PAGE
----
In case you’re wondering why Chicago’s making an appearance all of a sudden, it’s because I’m visiting the University for the semester.
I’m sure everyone’s heard that Chicago is known as the "Windy City” and heard people talk about how windy it is here. A few years ago, someone told me that this is not actually because of the wind, but because of Chicago politics (i.e. politicians bragging and being full of empty talk in general). Since I love "You know, that’s not actually true” moments, I remembered that. This weekend, the tour guide on the architecture tour said the same thing and added that the name originated before the 1893 World Fair when the boasting related to getting the World Fair bid became outrageous.
You know, neither story is actually true. I looked up the windiest US city this morning. There’s some debate as to what the windiest actually is, depending on whether you exclude Alaska (the weather service did when they published their list), but it most definitely isn’t Chicago. It isn’t even in the top 10 (Boston ranks number 9 if you exclude Alaska). You can find this and lots of other "weather lists” here.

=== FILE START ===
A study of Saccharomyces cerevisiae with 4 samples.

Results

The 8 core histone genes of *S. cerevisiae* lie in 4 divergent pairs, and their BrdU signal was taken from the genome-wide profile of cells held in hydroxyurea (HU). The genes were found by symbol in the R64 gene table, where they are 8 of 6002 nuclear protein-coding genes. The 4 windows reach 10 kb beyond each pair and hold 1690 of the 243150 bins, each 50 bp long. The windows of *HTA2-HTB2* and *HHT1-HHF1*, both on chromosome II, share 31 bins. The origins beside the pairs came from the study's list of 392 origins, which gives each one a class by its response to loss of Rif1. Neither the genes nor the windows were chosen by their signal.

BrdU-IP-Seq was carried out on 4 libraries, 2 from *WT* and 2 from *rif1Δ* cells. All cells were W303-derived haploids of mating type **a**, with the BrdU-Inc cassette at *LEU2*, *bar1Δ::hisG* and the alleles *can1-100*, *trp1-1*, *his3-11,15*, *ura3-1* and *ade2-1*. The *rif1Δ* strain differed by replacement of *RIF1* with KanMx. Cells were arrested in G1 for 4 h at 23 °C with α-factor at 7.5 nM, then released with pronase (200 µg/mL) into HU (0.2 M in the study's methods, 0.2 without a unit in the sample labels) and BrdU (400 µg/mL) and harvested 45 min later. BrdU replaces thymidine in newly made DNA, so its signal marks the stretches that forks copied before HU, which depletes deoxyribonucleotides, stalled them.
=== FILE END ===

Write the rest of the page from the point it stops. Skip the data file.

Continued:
As far as the politics, a historian in American slang wrote that he found references to Chicago being called the "Windy City” in 1885, way before the World Fair bid (he also found a reference to it being called "The Garden City”). He couldn’t find the reason for this nickname, however. This USA Today Q&A archive has this and more.
It does feel very windy here though. My own (unverified) hypothesis is that Chicago might have a high variance in wind speeds relative to other places. If there are a lot of windless days in Chicago and a few REALLY windy days, it might feel windier than a city that has steady winds with the same average.